Fall of Giants – Ken Follett


The book reaches its conclusion in 1924. Some of these most significant events are WW1, the Russian Revolution and the fight for women’s suffrage. This book is an epic piece of writing that is nearly a thousand pages long. I will admit at first I was a little intimidated by the size as well as the scale of what Follett was trying to cover in this book. However I quickly became absorbed in the narrative. Follett crafts such interesting, well rounded characters. He also disperses them around the world, placing them at the heart of the action. The first family the reader meets is the Williams a coal mining family from a fictional small town in Wales. The story then moves onto Earl Fitsherbert and his English aristocratic family. Follett also manages, without using force or falseness to incorporate a German spy, Two orphaned Russian brothers and an American adviser to President Woodrow Wilson. These stories interact with each other seamlessly and really depict the chaotic effect of War, not only on the countries involved but also on the families and their relationships.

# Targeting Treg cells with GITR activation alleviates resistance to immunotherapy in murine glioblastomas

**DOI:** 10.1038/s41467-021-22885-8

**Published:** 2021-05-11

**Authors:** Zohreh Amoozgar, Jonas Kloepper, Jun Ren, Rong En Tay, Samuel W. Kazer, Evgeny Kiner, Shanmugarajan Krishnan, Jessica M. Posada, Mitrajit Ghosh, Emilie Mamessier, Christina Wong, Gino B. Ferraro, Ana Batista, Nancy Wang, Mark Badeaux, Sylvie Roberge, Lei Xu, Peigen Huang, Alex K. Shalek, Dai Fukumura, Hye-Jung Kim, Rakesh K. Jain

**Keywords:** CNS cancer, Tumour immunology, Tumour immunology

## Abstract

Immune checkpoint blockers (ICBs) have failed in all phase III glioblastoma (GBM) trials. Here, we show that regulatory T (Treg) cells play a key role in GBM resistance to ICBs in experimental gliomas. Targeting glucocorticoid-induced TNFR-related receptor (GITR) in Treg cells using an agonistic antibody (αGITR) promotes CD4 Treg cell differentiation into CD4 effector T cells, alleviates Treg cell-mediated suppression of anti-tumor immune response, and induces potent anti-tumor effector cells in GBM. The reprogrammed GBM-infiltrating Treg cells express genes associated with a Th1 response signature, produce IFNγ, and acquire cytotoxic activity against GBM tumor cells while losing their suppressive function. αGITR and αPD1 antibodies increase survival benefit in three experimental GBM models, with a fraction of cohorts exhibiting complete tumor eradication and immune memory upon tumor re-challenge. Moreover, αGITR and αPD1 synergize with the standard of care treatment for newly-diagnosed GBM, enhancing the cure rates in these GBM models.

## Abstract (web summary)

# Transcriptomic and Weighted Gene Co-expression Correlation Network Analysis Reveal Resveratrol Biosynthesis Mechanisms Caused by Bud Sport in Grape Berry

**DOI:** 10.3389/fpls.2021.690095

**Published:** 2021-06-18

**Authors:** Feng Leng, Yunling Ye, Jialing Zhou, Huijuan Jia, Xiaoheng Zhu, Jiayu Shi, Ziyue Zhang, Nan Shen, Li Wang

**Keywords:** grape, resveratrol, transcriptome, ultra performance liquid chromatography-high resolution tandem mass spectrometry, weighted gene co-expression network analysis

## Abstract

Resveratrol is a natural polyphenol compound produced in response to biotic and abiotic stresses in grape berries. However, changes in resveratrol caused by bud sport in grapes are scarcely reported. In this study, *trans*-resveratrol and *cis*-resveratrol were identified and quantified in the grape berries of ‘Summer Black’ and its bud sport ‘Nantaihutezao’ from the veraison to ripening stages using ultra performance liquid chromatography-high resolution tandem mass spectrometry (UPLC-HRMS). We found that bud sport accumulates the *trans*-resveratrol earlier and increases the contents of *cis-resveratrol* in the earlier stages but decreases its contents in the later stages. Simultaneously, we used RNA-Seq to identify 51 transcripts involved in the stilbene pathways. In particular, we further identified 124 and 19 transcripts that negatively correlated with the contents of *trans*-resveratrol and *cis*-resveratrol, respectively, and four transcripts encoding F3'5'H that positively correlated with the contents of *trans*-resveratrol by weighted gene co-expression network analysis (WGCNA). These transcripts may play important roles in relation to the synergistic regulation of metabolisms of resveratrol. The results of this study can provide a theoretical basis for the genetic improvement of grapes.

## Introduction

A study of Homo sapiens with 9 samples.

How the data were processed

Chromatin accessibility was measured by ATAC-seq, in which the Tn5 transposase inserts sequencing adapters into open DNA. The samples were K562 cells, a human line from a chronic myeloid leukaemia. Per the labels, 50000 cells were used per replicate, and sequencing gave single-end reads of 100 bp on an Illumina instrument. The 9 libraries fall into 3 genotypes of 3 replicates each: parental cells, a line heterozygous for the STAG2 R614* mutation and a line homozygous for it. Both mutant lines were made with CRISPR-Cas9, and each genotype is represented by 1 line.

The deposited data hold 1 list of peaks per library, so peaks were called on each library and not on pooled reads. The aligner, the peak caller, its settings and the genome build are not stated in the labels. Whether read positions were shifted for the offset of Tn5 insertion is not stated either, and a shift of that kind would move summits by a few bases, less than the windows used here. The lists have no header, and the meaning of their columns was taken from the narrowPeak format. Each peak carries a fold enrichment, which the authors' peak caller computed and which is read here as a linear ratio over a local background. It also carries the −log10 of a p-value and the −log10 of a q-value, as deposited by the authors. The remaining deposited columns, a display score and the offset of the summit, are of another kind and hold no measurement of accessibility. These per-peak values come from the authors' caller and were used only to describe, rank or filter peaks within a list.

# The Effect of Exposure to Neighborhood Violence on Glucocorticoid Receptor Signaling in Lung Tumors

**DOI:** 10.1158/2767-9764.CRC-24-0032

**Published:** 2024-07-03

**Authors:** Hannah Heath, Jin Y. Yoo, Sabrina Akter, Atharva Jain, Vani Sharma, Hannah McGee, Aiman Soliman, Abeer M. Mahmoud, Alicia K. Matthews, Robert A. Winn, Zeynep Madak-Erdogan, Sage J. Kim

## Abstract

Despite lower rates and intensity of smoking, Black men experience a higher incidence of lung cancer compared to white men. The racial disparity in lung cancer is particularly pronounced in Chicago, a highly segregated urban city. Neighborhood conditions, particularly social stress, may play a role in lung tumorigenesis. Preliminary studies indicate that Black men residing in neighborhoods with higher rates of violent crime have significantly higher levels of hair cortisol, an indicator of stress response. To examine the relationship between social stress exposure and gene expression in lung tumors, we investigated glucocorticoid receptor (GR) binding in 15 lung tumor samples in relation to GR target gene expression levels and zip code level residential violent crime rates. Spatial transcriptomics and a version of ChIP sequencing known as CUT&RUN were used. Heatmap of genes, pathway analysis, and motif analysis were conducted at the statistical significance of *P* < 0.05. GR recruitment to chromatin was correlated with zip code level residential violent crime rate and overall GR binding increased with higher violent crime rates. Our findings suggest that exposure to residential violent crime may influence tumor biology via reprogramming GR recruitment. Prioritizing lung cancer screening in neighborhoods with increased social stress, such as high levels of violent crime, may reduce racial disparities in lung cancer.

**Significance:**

The historical events are cleverly woven into the story telling. Follett has been widely praised for his historical accuracy. I was impressed by how much I learned while reading this book. I considered myself pretty well informed when it came to this period but having read Follet’s book I must admit I had a lot to learn. I was also taken by his extraordinary ability to balance so many individual stories and yet maintain the level of historical content needed in order to keep the story moving forward. It hasn’t been all praise for Follett’s attempt at historical fiction

He has come in for some criticism when it comes to his style of writing. Some people have found it a bit clunky and awkward in places. However I think the reader can forgive Follett for his lack of beautiful prose or stylistic creativity because the book does offer such a compelling and engaging story with interesting plot twists while also staying faithful to this interesting period of history. All in all I really enjoyed this book and I am looking forward to picking up the next instalment Winter of the World that just recently came out. This book follows on from where Follett left off in Fall of Giants and chronicles an equally fascinating and fraught period in history. I look forward to the adventure!

Work Cited

Follett, Ken. Eye of the Needle. New York: Harper Collins Publishers, 2010. Print. Follett, Ken. Fall of Giants. New York: Penguin Group, 2010. Print. Follett, Ken. Pillars of the Earth. New York: Penguin Group, 1989. Print. Follett, Ken.  Winter of the World. New York: Penguin Group, 2013. Print. Follett, Ken. World Without End. New York: Penguin Group, 2007. Print.